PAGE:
Coinciding with the news that police may have solved a 36-year-old murder at Fagiani’s Cocktail Lounge, the new owners have begun to bring the 1940s-style cocktail lounge back to life.
Steve and Johanna Hasty, who bought the Main Street landmark two years go, intend to reopen the bar this summer after completing a $1 million seismic retrofit.
They received good news on their financing this week, the same time the police announced a break in the case that many thought would never be solved.
“It’s a weird feeling,” Steve Hasty said Tuesday.
The bar closed permanently in the mid-1970s, several years after Anita Andrews, 51, was murdered on July 10, 1974. The body was discovered the next morning by her sister, Muriel Fagiani.
When Fagiani closed the doors three decades ago, she left Fagiani’s just as it was, the deer heads on the wall, the beer chilling, the phone working.
By the time the Hastys bought the property in December 2007 for a reported $1.1 million, Fagiani’s bar had become a local legend — a ghostly reminder of a crime that was never solved.
During a tour Tuesday morning, the Hastys spoke of their conflicting emotions. Their dream of reviving the 1909 brick building was moving forward at the same time as memories of an old trauma were being revived. “It’s a mixed bag,” Steve Hasty said.
Using old DNA evidence, Napa police announced Monday that they had connected 70-year-old Ray Melanson, already serving a life sentence in Colorado for a separate murder, to the slaying of Andrews. Melanson denies it.
Steve Hasty said he welcomed the news. “I feel good that you’ll see some closure coming,” he said. At the same time, “I feel saddened that Muriel and Anita’s daughters have to go through this again.”
“There’s always the question ‘why’?” he said. “There is no answer to that question and it’s not a good feeling.”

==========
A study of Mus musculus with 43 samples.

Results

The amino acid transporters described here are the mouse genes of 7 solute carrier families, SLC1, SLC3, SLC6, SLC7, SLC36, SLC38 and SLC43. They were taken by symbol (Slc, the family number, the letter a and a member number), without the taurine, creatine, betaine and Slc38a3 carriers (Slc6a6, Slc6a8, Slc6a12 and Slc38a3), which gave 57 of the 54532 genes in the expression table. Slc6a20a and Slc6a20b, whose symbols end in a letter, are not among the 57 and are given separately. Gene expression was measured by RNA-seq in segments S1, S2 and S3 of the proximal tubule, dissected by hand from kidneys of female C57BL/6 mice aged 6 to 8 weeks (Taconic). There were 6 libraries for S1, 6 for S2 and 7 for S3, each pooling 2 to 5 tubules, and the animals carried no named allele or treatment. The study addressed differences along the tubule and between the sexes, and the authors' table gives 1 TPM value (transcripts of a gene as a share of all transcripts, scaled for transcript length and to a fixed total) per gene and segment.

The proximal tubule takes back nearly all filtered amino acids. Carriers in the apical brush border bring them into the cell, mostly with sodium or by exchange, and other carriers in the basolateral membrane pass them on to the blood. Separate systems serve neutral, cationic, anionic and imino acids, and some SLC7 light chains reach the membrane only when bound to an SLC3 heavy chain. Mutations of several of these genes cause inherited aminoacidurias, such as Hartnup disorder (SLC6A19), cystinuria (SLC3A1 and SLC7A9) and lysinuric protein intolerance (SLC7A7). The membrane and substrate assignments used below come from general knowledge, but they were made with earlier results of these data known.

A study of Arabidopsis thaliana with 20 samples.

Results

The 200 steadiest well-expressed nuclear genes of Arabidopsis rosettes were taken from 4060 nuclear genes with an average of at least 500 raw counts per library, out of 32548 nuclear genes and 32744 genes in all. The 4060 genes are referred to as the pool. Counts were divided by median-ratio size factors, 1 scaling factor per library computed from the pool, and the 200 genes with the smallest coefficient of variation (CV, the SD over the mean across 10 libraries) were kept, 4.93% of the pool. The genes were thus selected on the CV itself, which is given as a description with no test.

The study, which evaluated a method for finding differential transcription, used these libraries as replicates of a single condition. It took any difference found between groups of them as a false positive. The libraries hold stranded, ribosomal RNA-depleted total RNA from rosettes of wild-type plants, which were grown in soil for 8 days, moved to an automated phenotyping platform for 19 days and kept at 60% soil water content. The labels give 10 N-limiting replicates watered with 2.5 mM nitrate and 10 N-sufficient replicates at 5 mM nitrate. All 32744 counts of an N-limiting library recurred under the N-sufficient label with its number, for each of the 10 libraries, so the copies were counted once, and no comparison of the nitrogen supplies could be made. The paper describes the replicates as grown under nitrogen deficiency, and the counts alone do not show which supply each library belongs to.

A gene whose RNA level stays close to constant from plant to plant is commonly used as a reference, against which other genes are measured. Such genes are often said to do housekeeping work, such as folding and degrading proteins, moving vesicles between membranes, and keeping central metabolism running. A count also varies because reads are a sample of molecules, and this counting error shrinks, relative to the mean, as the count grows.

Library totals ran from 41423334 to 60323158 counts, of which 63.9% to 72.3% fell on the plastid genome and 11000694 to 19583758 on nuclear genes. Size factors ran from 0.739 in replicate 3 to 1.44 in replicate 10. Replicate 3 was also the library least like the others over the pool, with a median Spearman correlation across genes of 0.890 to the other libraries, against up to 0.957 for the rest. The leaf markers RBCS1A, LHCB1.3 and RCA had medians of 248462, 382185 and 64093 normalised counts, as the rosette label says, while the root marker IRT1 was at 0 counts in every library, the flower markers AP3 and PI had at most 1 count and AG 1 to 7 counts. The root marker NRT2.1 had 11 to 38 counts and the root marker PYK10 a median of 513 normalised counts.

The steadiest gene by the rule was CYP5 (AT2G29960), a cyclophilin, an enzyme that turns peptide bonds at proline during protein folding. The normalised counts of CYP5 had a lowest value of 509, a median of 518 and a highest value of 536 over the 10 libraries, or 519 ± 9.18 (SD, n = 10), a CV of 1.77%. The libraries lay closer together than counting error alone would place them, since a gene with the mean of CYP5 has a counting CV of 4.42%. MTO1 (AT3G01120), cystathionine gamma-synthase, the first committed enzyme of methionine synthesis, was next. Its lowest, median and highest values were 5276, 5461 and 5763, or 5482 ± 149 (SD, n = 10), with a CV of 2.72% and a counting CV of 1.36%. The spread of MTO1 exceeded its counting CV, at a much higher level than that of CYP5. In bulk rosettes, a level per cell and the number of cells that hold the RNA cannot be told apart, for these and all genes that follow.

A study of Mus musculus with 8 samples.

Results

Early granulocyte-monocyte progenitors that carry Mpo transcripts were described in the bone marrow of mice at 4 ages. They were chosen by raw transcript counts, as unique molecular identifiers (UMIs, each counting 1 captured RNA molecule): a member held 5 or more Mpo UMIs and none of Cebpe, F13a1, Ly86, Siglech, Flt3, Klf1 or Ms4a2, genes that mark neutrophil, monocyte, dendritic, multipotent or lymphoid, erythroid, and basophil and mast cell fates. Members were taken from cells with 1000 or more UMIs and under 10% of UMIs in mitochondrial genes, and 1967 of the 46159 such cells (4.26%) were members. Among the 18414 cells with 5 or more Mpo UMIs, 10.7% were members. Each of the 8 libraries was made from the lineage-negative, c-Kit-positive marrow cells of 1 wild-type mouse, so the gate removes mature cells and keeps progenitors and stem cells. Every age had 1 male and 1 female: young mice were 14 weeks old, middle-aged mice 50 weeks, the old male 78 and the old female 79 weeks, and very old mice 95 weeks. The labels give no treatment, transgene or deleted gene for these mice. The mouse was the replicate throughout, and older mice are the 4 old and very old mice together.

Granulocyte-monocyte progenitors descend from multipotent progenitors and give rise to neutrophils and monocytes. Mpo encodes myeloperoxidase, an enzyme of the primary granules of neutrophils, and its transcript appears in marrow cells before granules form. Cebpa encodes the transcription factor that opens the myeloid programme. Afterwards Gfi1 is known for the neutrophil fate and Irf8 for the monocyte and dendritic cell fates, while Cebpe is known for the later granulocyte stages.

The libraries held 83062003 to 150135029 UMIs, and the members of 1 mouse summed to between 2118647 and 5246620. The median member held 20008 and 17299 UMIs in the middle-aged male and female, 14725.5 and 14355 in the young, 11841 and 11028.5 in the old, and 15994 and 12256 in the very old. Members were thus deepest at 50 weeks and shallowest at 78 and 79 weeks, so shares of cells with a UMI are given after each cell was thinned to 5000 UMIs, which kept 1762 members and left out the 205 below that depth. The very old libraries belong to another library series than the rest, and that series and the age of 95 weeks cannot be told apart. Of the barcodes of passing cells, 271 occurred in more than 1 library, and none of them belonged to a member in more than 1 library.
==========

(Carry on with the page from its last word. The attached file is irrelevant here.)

The Hastys bought the Fagiani building at a time when the economy was booming. They reported having a high-profile Yountville restaurateur lined up to open a restaurant and bar.
When the economy tanked in 2008, the restaurant deal fell through, leaving the Hastys looking for a new financial partner and restaurant operator.
The building’s notoriety was never an obstacle to finding a development partner, Steve Hasty said. It was the Great Recession.
They now have a financial partner, David and Patricia Nobel, a Florida couple with a second home in St. Helena. “They like the building. They believe that once we get this done, it will be a fantastic project,” Steve Hasty said.
With the Nobels’ support, the Hastys are starting to seismically retrofit the century-old building. Workers were removing interior walls Tuesday morning. Steel beams will be installed to support the walls and flooring without marring the structure’s aesthetics, Steve Hasty said. Brick walls will be exposed for the first time.
Now that they have purchased a liquor license once belonging to O’Sullivan’s Bar on First Street and have seismic work underway, the Hastys hope it will be easier to find a restaurant investor-operator.
If they can’t find a partner, they will delay opening the restaurant. Instead, they will open a bar with light food offerings this summer. “I’m talking a bar with really tasty bar food,” Steve Hasty said.
The Hastys have drafted plans for adding a third story to the back portion of the roof. The front area would become an outdoor dining patio with views across Veterans Memorial Park and the Napa River into the eastern hills.
The city would need to approve construction plans. The third floor addition would not alter the building’s Main Street facade, Steve Hasty said.
The Hastys plan to retain the long bar of Philippine mahogany and the 1940s atmosphere, Johanna Hasty said. “We want the character to remain the same,” she said.
Some furnishings, such as the mounted deer heads and the neon signs, will be given to Muriel Fagiani, who supports the changes that are in the works, the Hastys said.
“She would love to see it open,” Steve Hasty said. “It will give her a good feeling to know it will be open again.”
When Fagiani, 85, talks about the property, she always refers to it as “papa’s bar,” he said. It had belonged to her father, Nicola, who died five years before the 1974 tragedy.
Quoting Muriel Fagiani, Steve Hasty pointed to the old-style cash register. That’s “Papa’s music box,” he said. The jingle of sales being rung up was music to her father’s ears, he said.
An ancient patina of dust and nicotine covers everything. The refrigerator compressor failed years ago, leaving 35-year-old Hamm’s and Burgermeister beers at room temperature.
During the tour for reporters on Tuesday, the rotary phone in Nicola Fagiani’s second-floor office rang. A ghost from the past?
No. Just Steve Hasty calling up Fagiani’s from his cell phone.
This place is filled with memories, he said. The past still lives. The future awaits.